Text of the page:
Immature and Frost Damaged Kernels
These kernels are usually found in Manitoba wheat No. 5. This normally ground for disqualification . they are a cause of poor flour yield and dark flour color, but they promote gas production in the dough in yeast fermentation. Frost damaged kernels are usually blistered on the outside.
These are wheat kernels that have begun to sprout or germinate in the wheat ear out in the field as a result of continuous high moisture. These kernels are similar to malting-barley kernels. The internal break-down has already begun, thanks to the activity of strong enzymes. Dough made from sprouted wheat flour are sticky, due to excessive amounts of alpha-amylase.
These are kernels with a brownish endosperm, caused by spontaneous heating during wheat storage and strong respiration. A dark colored flour is the result. Really burnt (carbonized) kernels are occasionally found. These are produced by over-heating in grain driers operated on the direct flame principle. In cases where only the germ under the bran is dark, this is due to fungi.
The kernel is punctured in the field by a flat bug (8-13 mm in length) during the actual growth stage. A liquid (an enzyme) is introduced into the kernel as the bug sucks out the contents of the kernel. In any case this liquid dissolves the gluten around the point of puncture, which is easily recognized externally by a small red spot, with a yellowish halo around it. Doughs made from flour from bug damaged wheat have a tendency to flow and are difficult to bake. 2% bug punctured kernels are sufficient to cause trouble.
Antidote : Many of the suggestions are of practically no use (addition of acids, formaline, large amounts of kitchen salt). The best results are obtained with :
a.conditioning of the wheat at higher temperature
b. additions of higher doses of bromate, ammonium persulfate, ascorbic acid, and so forth, to the flour.
A certain improvement can be achieved with the above mentioned means, but a complete elimination of the damage is not possible.
Detection : yellow colored areas on the kernel with a clearly visible red spot (point of puncture) in the middle. The gluten is sticky and extensible to an unlimited extent after 24 hours. Dough reach a flowing stage within 1-2 hours. Flour derived from sound kernels. Bug damaged wheat is mostly found in wheats from Russia and the Balkan Countries, practically never in American and seldom in western European domestic wheats.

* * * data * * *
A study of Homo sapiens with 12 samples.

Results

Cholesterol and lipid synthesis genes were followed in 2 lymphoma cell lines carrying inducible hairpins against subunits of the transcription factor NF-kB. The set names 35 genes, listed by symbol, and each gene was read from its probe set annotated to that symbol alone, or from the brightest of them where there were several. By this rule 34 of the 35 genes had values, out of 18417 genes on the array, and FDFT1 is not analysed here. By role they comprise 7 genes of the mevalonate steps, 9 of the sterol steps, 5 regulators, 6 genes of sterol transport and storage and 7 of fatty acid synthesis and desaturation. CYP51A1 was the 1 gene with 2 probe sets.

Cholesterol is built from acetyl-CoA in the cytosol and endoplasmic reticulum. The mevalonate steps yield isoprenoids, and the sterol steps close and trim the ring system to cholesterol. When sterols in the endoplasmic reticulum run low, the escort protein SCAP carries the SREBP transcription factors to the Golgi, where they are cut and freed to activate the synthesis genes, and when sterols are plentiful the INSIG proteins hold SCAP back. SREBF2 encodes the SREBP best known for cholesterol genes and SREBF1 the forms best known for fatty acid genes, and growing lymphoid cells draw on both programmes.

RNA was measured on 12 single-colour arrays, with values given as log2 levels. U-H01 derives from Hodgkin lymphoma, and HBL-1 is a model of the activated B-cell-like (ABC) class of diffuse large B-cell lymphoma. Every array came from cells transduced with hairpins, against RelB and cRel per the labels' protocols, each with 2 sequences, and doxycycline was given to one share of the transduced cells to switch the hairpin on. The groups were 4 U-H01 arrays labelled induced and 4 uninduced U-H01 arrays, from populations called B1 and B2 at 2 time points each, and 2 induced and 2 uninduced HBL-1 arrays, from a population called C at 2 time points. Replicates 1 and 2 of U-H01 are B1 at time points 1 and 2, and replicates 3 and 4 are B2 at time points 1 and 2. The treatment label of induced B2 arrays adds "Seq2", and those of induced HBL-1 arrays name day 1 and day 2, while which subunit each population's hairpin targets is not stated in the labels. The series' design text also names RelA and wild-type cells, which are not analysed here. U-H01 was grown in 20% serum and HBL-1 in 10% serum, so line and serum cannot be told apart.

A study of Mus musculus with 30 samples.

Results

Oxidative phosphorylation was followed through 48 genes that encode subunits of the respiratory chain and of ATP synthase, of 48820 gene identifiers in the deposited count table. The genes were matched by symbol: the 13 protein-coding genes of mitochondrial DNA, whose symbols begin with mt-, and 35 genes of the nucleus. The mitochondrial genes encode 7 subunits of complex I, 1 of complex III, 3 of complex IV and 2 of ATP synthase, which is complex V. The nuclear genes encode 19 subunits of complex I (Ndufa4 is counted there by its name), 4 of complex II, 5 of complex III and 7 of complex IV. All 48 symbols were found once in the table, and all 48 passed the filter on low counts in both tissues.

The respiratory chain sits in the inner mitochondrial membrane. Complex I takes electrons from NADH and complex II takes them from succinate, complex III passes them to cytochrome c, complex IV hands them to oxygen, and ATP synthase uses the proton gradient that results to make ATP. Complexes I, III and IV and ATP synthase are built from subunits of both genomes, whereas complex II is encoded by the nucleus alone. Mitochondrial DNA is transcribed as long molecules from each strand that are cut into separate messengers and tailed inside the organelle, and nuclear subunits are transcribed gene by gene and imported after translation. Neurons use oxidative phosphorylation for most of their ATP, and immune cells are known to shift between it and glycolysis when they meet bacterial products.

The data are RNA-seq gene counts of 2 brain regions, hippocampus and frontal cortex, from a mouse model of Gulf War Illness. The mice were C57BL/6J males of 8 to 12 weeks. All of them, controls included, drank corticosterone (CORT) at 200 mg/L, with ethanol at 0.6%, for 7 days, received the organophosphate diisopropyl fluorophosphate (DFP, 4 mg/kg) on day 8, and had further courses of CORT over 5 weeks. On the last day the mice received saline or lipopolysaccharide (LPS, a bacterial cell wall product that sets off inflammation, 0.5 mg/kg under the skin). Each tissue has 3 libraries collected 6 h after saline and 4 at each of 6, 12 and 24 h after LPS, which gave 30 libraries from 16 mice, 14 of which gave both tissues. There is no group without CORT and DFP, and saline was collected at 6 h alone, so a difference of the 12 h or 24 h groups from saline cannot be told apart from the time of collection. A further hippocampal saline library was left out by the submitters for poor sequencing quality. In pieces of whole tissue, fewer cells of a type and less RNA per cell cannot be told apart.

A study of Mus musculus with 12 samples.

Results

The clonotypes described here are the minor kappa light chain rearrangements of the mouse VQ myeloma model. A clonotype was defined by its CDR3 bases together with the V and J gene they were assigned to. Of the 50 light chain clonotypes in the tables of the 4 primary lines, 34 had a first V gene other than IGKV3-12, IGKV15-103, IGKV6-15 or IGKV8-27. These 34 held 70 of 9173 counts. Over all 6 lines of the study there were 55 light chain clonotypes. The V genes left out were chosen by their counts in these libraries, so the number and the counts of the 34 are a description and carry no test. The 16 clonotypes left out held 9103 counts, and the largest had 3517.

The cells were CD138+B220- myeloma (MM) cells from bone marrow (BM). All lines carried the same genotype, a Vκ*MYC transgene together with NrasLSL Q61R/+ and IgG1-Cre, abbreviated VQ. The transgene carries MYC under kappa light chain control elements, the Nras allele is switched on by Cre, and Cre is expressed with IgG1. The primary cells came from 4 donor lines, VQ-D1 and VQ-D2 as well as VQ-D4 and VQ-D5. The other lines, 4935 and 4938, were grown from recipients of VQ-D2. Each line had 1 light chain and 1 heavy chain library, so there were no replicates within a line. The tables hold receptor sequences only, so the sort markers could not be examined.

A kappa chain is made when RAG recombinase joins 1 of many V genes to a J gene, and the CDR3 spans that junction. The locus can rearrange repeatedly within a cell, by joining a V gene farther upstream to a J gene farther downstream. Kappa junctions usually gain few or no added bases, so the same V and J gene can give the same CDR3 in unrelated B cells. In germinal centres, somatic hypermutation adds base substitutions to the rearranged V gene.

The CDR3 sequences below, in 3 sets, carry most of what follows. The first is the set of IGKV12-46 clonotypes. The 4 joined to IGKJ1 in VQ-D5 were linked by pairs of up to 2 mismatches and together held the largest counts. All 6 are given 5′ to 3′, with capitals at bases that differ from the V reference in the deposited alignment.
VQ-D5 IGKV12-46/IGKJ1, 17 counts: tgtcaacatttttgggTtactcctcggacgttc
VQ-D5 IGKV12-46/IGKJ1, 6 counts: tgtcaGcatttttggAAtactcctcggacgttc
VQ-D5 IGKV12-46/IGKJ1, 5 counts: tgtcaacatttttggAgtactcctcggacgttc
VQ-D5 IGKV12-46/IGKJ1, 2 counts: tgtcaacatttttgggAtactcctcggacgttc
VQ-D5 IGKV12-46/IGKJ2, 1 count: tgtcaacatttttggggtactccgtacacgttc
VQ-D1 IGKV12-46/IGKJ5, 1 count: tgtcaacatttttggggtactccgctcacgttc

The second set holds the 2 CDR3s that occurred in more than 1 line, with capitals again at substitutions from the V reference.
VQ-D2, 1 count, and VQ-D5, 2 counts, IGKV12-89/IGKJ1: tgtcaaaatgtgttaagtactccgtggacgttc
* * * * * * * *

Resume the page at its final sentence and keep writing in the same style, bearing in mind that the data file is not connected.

Smutty kernels : the interior of the smut balls consists of a black powder, nothing but fungi spores with a herring-like smell. Such wheat is called smutty wheat and must be cleaned very carefully.
Weevily kernels : kernels damaged by the grain weevil and other pests. This damage is likely to increase through rapid reproduction during storage. Weevils in grain to be milled increase the insect fragment count in the flour (filth test) that could cause difficulty in marketing the flour in certain supply areas (export, large scale consumers).
Broken kernels : these kernels are mainly produced during threshing and during the transport of grain. Such kernels will give a dark flour of objectionable odor, as the break surfaces are dirty. If these kernels are scoured carefully by centrifugal action, the dirt will be rubbed off the break surfaces. It is thus possible to mill the broken kernels together with the sound ones. Broken kernels are excellent food for microorganisms.
Pesticides are used to eliminate insects in grain and granary products in silos. Mills and bakeries. These are products that easily develop toxic gases, which can be eliminated by aeration and in any case leave little or no residue.
The word sanitation is used to cover the work necessary to keep machinery, buildings, and finally all products, free from insects. The trend is towards through gassing of a mill to exterminate all signs of life including insects eggs, followed by periodical spot fumigation. The most comprehensive work on the subject is no doubt the book of Kurtz & Harris.
The filth test enables one to distinguish between grain infestation and later infection of grain products. Since this method is not yet very easy to find in journals.
A promising new solution is irradiation with Gamma Rays, which are even shorter than X-rays, but do not penetrate very deeply, so that only thin layers of product can be treated. Gamma rays have the great advantage of not leaving any chemical residue and of the treatment not being strong enough to form radioactive products. Actually experimental work is going on in the USA (Savannah, Ga. ) and in various European countries, including Switzerland. It needs higher doses per gram to kill bacteria and insect eggs than man. Since the Cobalt-60 source used emanates rays day and night, a plant must be fed continuously. Thus the future may lie in mobile plants. Cost of plant and operation are still quite prohibitive, but the future will surely see a reduction in these prices.